This is the first post, which ‘officially’ discusses my research in the new project ‘Norm-related sonic knowledge in Heavy Metal culture’. We started on 1 February and are currently working on the project website, which will go online in a few days. There, blog posts from the project will be featured in a special section and appear in the newsfeed too.

In this first post, I want to address a topic which is crucial in our research: the heuristics of what I called ‘norm-related sonic knowledge’. The main question here is how we plan to map this realm of knowledge.  This sphere is constituted by law-related phenomema in metal culture, metal practices, metal music and metal networks. We need a good heuristical strategy to map the field.

Here, the result of a fruitful conversation I had recently with my colleague Christian Hiebaum (a legal philosopher and legal sociologist at the University of Graz) is key. In our discussion, Christian raised the point that, philosophically and analytically, all the terms involved (e.g. justice, law, legal system, crime, moral, ethics, law-breaking, rule-breaking etc.) form something like a ‘family’ or a ‘Sprachspiel’ of terms.

Taking up the thoughts of analytical philosophers like Donald Davidson1 and Ludwig Wittgenstein2, it is quite easy to recognize that all the categories of norm-related sonic knowledge form a ‘pool’ or a ‘family’ of notions and meanings. Heuristically, the crucial point is how the meaning of each individual term is constituted within this family.

Herein, each of the terms – in its individual meaning – depends on the other ones. Let us think of some examples. To be understood and fulfill its function in culture,  the notion ‘law’ relies on its links to related notions like ‘justice’, ‘ruling’, ‘order’ ‘legality’ or ‘law-breaking’. The notion ‘breaking the law’ needs a presupposed and in the metal scene shared understanding of terms like ‘law’, ‘morality’ or ‘crime’.

If we take Judas Priest’s classic ‘Breaking The Law’ once more as a paradigmatic example, this approach makes us look at the lyrics in a new way:

There I was completely wasted, out of work and down
All inside it’s so frustrating as I drift from town to town
Feel as though nobody cares if I live or die
So I might as well begin to put some action in my life

Breaking the law, breaking the law
Breaking the law, breaking the law
Breaking the law, breaking the law
Breaking the law, breaking the law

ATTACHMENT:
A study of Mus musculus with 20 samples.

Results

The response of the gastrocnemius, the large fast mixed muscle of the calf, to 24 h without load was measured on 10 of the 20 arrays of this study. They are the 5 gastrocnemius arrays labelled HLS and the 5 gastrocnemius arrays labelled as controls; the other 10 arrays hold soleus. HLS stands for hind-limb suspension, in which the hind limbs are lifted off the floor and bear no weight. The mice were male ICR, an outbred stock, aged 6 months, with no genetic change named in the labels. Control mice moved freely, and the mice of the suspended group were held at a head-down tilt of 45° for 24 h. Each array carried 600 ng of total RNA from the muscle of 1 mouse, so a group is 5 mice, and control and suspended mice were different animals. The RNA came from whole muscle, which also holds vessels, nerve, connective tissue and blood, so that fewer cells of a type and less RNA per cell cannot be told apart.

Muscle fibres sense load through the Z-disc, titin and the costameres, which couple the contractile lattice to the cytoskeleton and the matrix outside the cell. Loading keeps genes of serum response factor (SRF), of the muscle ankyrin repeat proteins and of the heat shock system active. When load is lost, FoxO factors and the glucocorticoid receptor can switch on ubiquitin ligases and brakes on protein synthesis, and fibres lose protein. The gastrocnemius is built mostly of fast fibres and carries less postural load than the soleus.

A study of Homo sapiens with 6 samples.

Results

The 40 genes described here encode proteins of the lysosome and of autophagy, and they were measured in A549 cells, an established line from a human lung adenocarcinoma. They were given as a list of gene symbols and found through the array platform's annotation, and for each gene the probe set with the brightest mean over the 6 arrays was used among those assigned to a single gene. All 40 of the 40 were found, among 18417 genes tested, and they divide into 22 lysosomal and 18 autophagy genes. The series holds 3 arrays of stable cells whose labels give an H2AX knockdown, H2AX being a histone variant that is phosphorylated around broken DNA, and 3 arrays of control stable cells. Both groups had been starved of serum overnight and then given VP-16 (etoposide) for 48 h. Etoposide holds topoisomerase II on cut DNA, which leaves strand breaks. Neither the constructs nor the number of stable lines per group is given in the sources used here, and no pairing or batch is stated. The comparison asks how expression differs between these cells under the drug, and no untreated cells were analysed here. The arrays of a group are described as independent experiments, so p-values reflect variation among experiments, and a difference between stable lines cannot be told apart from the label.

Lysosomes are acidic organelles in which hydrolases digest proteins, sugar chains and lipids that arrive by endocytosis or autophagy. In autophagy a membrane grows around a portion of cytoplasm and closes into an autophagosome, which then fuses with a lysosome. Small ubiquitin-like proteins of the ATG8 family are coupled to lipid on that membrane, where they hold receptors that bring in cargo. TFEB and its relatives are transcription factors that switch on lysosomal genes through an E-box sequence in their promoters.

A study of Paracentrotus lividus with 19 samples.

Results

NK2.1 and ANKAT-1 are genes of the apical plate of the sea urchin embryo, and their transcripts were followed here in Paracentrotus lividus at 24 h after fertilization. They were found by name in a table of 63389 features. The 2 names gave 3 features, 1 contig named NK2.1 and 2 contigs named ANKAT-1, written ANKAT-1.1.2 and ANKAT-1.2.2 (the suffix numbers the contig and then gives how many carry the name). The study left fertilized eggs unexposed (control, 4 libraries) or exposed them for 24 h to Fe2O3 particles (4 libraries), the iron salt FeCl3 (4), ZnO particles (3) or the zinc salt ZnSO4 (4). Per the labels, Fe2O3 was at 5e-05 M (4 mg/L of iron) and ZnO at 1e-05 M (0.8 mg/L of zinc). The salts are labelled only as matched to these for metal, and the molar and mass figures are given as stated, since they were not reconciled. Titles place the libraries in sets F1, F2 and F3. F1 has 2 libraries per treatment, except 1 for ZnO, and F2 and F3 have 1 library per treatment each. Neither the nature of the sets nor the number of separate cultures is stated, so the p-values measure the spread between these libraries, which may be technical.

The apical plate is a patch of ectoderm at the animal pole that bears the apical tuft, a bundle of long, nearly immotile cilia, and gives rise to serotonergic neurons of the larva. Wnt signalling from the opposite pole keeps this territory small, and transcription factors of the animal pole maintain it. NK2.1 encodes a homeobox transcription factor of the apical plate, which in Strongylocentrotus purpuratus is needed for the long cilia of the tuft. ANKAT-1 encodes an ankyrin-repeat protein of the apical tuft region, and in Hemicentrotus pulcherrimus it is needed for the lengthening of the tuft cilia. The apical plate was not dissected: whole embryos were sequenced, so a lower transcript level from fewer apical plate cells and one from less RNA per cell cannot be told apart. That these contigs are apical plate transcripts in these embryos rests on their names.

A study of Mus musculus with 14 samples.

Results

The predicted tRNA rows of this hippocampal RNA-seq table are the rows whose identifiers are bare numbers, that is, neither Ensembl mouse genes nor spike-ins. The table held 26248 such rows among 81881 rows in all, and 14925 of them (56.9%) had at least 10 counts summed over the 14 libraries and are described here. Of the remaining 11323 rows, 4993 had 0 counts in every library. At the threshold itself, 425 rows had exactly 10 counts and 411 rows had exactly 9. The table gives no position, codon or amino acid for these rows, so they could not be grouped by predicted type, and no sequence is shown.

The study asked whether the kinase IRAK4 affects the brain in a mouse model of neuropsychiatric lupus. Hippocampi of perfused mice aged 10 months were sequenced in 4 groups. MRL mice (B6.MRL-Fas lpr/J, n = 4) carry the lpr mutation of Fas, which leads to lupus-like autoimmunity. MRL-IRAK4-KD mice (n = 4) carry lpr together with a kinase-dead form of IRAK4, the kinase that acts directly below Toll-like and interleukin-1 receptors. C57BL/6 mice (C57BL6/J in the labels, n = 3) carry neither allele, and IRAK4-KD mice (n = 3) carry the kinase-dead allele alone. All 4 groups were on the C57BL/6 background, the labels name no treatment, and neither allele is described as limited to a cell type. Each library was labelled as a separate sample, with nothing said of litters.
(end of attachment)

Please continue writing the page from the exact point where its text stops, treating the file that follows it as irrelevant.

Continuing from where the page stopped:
So much for the golden future I can’t even start
I’ve had every promise broken, there’s anger in my heart
You don’t know what it’s like, you don’t have a clue
If you did you’d find yourselves doing the same thing too

Breaking the law, breaking the law
Breaking the law, breaking the law
Breaking the law, breaking the law
Breaking the law, breaking the law…3

In red and bold, I marked the notions that are relevant for these heuristics. Analytically and philosophically, it might be very risky, even problematic to integrate not only individual notions (e.g. ‘law’ or ‘anger’) but entire word groups or clauses (e.g. ‘breaking the law’, ‘every promise broken’, ‘out of work’) into such a family of terms. This needs more and accurate thinking.

Yet what we gain from this is heuristically highly useful. We see very clearly that the categories of norm-related sonic knowledge in the lyrics (e.g. ‘law’, ‘breaking the law’) – in the constitution of their meanings – are closely linked to key aspects of metal culture like anger, frustration, or freedom. And further, these notions are linked to the sounds and music of heavy metal.4 A word cloud would arrange the lyrics in this way:

In a nutshell, these heuristics should make us able to identify the semantic and analytical links between the different categories of norm-related sonic knowledge. Moreover and equally important, they make visible the linkages to the mental, sonic, visual, and emotional ‘moods’ and dynamics of metal culture.

  1. See D. Davidson, The Essential Davidson. Oxford: Oxford University Press. 2006; D. Davidson, Truth, Language, and History: Philosophical Essays, Oxford: Oxford University Press. 2005; D. Davidson, Truth and Predication. Cambridge, Mass.: Harvard University Press. 2005. 

  2. See C. Bezzel: Wittgenstein zur Einführung. Junius, Hamburg 2000, L. Wittgenstein, Philosophische Untersuchungen. Frankfurt: WBG, 2001. 

  3. Lyrics to Judas Priest, ‘Breaking The Law’, on British Steel, 1980. 

  4. R. Walser, Running with the Devil. Power, Gender, and Madness in Heavy Metal Music. Middletown, CT: Wesleyan University Press, 2014.